This is an archived article that was published on sltrib.com in 2015, and information in the article may be outdated. It is provided only for personal research purposes and may not be reprinted.
In developing African nations, often a child is not named upon being born. If the child survives six months, then she or he will be given a name, an identity.
That's the painful reality described by Ndegwa Jackson, a Kenyan and health care advocate combating AIDS, tuberculosis, malaria, dysentery and other public health care concerns in his country. He's in Utah this week seeking support for a bipartisan bill before Congress to reform the United States Agency for International Development, or USAID, the governmental entity charged with fighting extreme global poverty. The idea is, in alleviating suffering, political stability follows.
That early emotional distance between infant and family described by Jackson is but one sad consequence of the fact that almost 6 million children die in those countries before their fifth birthday from preventable diseases, maladies made moot in the U.S. due to sanitary improvements and vaccines.
Mothers, too, die at high rates during childbirth almost 300,000 per year in these poorest of the poor countries. Many of these deaths could be prevented if simple equipment were available a sterile razor blade and twine for cutting and securing the umbilical cord, clean blankets for mother and infant, clean water.
Much progress has been made over the last three decades. In 1990, twice as many children died before turning 5. But advocates say greater strides are possible within decades if USAID's processes are improved, things like more centralized and focused planning to get aid where it is most needed, and better data collection to monitor progress. The agency, they say, needs an accountable Child and Maternal Survival Coordinator to oversee prioritizing the deployment of the government and private funds and resources for which USAID is responsible.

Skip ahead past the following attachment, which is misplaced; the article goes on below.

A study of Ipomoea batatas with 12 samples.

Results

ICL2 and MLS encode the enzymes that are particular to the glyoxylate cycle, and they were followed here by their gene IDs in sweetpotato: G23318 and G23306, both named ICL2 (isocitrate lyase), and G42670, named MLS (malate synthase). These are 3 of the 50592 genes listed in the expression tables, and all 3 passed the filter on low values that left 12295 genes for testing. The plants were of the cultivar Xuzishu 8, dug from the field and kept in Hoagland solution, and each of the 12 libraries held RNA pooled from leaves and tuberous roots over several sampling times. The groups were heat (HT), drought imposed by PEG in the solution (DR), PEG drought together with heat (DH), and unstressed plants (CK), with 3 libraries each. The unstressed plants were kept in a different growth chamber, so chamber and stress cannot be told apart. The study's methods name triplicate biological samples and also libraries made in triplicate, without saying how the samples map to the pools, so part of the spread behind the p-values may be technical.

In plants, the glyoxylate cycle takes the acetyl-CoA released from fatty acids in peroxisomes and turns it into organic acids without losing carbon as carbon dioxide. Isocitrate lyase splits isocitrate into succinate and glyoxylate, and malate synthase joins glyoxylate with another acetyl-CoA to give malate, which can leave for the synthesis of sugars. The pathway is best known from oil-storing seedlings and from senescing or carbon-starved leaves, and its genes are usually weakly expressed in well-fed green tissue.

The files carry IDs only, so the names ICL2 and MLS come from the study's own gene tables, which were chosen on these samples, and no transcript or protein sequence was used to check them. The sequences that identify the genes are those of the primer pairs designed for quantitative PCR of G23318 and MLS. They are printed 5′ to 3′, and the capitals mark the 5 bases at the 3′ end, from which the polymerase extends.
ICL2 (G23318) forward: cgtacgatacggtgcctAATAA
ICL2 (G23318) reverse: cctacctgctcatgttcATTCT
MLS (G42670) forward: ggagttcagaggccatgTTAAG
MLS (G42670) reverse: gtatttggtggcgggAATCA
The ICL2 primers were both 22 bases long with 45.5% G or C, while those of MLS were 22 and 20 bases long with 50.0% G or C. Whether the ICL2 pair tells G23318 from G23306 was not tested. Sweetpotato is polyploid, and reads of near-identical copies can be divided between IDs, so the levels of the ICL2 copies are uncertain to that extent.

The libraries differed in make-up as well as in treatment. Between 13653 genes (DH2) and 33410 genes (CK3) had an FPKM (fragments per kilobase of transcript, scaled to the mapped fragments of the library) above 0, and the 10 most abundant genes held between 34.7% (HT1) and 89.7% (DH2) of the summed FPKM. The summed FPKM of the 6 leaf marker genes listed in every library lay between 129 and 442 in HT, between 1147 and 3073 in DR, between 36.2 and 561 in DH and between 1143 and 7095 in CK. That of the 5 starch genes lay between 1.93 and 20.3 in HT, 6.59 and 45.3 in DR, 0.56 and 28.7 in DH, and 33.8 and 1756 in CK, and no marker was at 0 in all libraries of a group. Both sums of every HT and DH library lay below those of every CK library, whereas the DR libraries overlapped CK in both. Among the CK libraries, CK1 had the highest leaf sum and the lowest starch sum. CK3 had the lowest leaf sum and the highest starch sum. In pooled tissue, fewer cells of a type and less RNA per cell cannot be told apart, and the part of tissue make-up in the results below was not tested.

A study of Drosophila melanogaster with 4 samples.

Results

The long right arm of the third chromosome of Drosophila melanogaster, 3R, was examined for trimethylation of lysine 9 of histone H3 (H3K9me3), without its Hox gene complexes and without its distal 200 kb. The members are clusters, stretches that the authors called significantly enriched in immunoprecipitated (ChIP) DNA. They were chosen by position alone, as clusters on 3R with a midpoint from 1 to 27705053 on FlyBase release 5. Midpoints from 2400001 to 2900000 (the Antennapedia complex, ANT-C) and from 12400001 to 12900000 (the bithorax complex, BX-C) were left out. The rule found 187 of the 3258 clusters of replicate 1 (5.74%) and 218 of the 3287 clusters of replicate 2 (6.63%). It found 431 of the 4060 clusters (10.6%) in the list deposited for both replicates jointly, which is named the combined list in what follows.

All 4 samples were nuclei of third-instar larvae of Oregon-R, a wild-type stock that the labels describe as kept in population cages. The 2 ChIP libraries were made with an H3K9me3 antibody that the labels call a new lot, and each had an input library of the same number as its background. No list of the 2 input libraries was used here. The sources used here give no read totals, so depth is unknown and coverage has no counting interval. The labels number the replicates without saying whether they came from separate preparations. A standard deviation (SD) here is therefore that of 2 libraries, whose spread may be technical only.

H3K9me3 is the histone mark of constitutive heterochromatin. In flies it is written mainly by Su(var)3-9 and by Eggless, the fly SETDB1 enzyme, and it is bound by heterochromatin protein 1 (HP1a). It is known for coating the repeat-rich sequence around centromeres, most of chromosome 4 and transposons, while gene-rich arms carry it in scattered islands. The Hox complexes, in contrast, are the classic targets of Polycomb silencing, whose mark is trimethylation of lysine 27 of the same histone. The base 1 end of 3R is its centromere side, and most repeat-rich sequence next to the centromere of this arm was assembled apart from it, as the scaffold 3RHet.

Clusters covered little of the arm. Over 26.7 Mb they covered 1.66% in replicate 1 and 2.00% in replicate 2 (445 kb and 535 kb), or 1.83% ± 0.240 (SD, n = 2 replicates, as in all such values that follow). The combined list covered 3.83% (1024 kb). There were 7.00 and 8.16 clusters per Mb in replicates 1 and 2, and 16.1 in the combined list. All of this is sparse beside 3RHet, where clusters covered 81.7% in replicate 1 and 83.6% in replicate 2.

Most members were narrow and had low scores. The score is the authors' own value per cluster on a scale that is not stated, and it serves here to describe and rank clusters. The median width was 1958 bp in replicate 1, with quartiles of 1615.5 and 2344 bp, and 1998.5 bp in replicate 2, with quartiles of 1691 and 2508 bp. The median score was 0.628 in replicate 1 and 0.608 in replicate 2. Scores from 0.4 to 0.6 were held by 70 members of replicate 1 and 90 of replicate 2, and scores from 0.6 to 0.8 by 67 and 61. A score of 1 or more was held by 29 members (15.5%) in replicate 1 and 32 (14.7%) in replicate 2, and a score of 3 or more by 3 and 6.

So far, Rep. Chris Stewart is the only member of Utah's delegation to support the Reach Every Mother and Child Act, the goal of which is to formulate a five-year strategy toward ending preventable newborn, child and maternal deaths. The bill doesn't call for more money, but rather to refocus resources. Stewart is among 24 bipartisan House cosponsors. The Senate version has five sponsors three Democrats, two Republicans.
In this time of congressional stalemate, here is an obvious effort where factions could agree to agree coming to the aid of mothers and children in the world's most impoverished corners. Utah's other members of Congress would do well and do much good to join Rep. Stewart in his support.